Monday, February 25, 2008

St Finnan's Island to the Iron Church across Hills of Lead

I have recently walked a six mile path in the West Highlands that links the village of Polloch to Strontian, rising over the shoulder of Ben Resipol (pictured) at over 1000 feet, and linking fresh water Loch Shiel with salty Loch Sunart. Each loch cuts a dramatic 25 mile gash inland and each has a feature that once drew columns of human traffic to it.

Eilean Fhianain, the island of St Finnan, sits in a twist in such a narrow point of Loch Shiel that you almost feel you can touch the island from its banks. This island was a traditional burial ground and drew coffin paths to it from all over the once heavily populated areas of Sunart, Moidart and Ardnamurchan. The ragged high land must have taxed the coffin-bearers and resting points are still marked with huge cairns.

On an OS map of 1925, on the high pass between Polloch and Strontian, where, a few metres apart, a cairn overlooks each valley, a well is attributed to St Finnan. The well suggests this path must once have been the final journey for the people of Strontian. After the mid 18th century as they dropped steeply towards Loch Shiel, the procession would have passed the Corantee lead mines. The mines are best known for the discovery of the mineral Stronianite in 1791 which was named after the village. The chemists Crawford and Cruickshank concluded that it contained a new “earth”, subsequently Dr Thomas Hope's research set the scene for the discovery of the element strontium by Humphry Davy in 1808. The hillside is still scarred and cleaved there. Building rubble, broken cogs and implements lie on the ground in rusty testimony.

So what about traffic heading the other way? Perhaps its most remarkable use was as a religious pathway at the time of the 'Disruption' of the Scottish Church in the 1840s. At this time, the Church of Scotland was ruled over by Parliament, making the reigning monarch head of the church and the local Laird ‘Patron'. This meant that he would choose his own minister rather then the congregation doing so. In 1843 unrest about this unwelcome link between politics and spirituality came to a head and most ordinary people chose to rebel by joining a break-away movement, the ‘free church’.

Such was the spiritual hunger of the people that accompanied the physical hunger of potato famine in the area, that when the Laird, Sir James Milles Riddell refused to sell them land on which to build their own ‘free’ church, they met in huge open-air services. People would walk anything up to 20 miles to the small bay at Ardnastang just a mile west of Strontian, sometimes barefoot, in order to gather in all weathers and seasons between the low and high tide marks in services that went on for several hours. The 'Corantee' path would have been the most direct route for worshippers from Polloch.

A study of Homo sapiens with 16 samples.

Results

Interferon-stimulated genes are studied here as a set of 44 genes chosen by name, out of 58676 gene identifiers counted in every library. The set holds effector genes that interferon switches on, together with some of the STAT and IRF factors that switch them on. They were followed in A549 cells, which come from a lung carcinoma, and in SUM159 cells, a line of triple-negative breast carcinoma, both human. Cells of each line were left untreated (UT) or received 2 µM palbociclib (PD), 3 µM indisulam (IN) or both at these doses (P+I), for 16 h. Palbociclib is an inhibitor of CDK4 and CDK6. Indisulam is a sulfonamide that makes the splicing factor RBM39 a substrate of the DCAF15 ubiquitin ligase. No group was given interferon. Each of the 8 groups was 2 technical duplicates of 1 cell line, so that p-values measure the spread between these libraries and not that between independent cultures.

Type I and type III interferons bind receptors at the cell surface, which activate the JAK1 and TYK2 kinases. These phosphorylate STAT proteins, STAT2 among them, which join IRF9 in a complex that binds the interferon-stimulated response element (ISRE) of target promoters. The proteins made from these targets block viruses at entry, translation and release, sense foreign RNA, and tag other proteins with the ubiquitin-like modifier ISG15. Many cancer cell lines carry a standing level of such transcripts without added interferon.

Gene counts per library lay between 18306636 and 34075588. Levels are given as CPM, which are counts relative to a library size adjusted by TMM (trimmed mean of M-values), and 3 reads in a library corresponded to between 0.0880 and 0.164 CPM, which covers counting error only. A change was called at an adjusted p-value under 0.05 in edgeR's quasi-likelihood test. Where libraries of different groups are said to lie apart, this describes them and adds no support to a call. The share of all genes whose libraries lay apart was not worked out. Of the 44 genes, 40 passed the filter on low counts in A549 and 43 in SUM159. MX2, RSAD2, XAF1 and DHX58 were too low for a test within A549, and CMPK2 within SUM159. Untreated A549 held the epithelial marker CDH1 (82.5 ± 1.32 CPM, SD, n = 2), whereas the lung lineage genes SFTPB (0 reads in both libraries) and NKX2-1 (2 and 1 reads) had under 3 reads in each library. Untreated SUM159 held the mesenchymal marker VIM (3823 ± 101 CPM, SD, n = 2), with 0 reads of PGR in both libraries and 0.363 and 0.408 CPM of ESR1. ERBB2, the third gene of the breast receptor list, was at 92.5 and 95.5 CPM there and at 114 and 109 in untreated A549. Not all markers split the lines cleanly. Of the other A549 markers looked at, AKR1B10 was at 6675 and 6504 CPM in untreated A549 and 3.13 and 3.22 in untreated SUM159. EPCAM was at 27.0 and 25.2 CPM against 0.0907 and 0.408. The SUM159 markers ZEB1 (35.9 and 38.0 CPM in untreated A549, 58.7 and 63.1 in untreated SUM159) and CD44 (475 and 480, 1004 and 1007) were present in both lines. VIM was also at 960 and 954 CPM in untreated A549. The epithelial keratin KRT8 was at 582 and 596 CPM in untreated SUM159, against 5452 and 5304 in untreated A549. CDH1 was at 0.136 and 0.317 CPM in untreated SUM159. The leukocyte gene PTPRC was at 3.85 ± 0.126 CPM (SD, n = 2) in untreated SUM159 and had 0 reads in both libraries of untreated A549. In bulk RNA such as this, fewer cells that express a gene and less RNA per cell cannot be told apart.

This poverty-stricken community, having recognised that the sea could not be ‘owned’, took it a step further. They resolved their situation by raising an extraordinary amount of money to commission from a shipbuilder on the Clyde an amphibious 'Iron Church' able to accommodate up to 750 people. In July 1846 it was towed by two tugs around the Mull of Kintyre and through the Sound of Mull into Loch Sunart (pictured). People lined the shores to celebrate its arrival and flocked to it by foot and boat from Morven, Ardnamurchan and Moidart. For ten years it remained anchored just off Ardnastang and during this time the popularity of its visiting ministers was gauged from the ‘plimsoll line’ of church attendance - an inch for each hundred congregation.

There are still many parts of the story to assimilate and imagine. This is a place of careering crags, jagged skylines, and tiny communities that teeter on the edge of the Atlantic. We might think of the land as 'wild' and uninhabited. But there is a sense that human footfall, industry and belief has stamped stories on these hills. This path is an important one to keep in use. I loved walking it with this great sense of history, passion, religious observance and human ingenuity beating a rhythm under my feet.

Glen Nevis, glen of stones

Saturday in Fort William may have been one of the wettest and windiest this year, but it didn't deter twelve workshop participants from joining me to respond creatively to the experience of walking beside the swollen river in Glen Nevis. Note-taking as we went, we used observation and imagination to generate words.

We got tuned into the place with senses of touch and sound and smell by denying our sense of sight, working in pairs - one guide, one blindfolded. One person trusted their partner enough to end up lying on the river-bank, head hanging over the racing river; another knee deep in a ditch, plunging his hands underwater to feel the skin-like texture of the bottom.

We created a character to inhabit as we walked - on a journey as film-maker, stalker, cattle drover, munro-bagger. We imagined what they had on their feet and what they carried in their pockets, what filled their heads as they walked and how their state of mind shaped their perception of the landscape. This led to some very interesting pieces including one from the point of view of a dog.

We changed scale - looking closely at a rock, lichen, moss, tree bark – and imagining it is a vast plain or forest or sea. What would it be like to walk through this landscape?
Back at the Ben Nevis Inn, participants wrote up their notes into short pieces. The diversity was astonishing - historical stories; a description of music created by the combined rhythms of river and footfall; the reaction of a rock to the fierce river that is challenging and overwhelming it today, etc. Each piece of writing was unique - the individual's response to the world in that time and place expressed through their own idiosyncratic choice of words.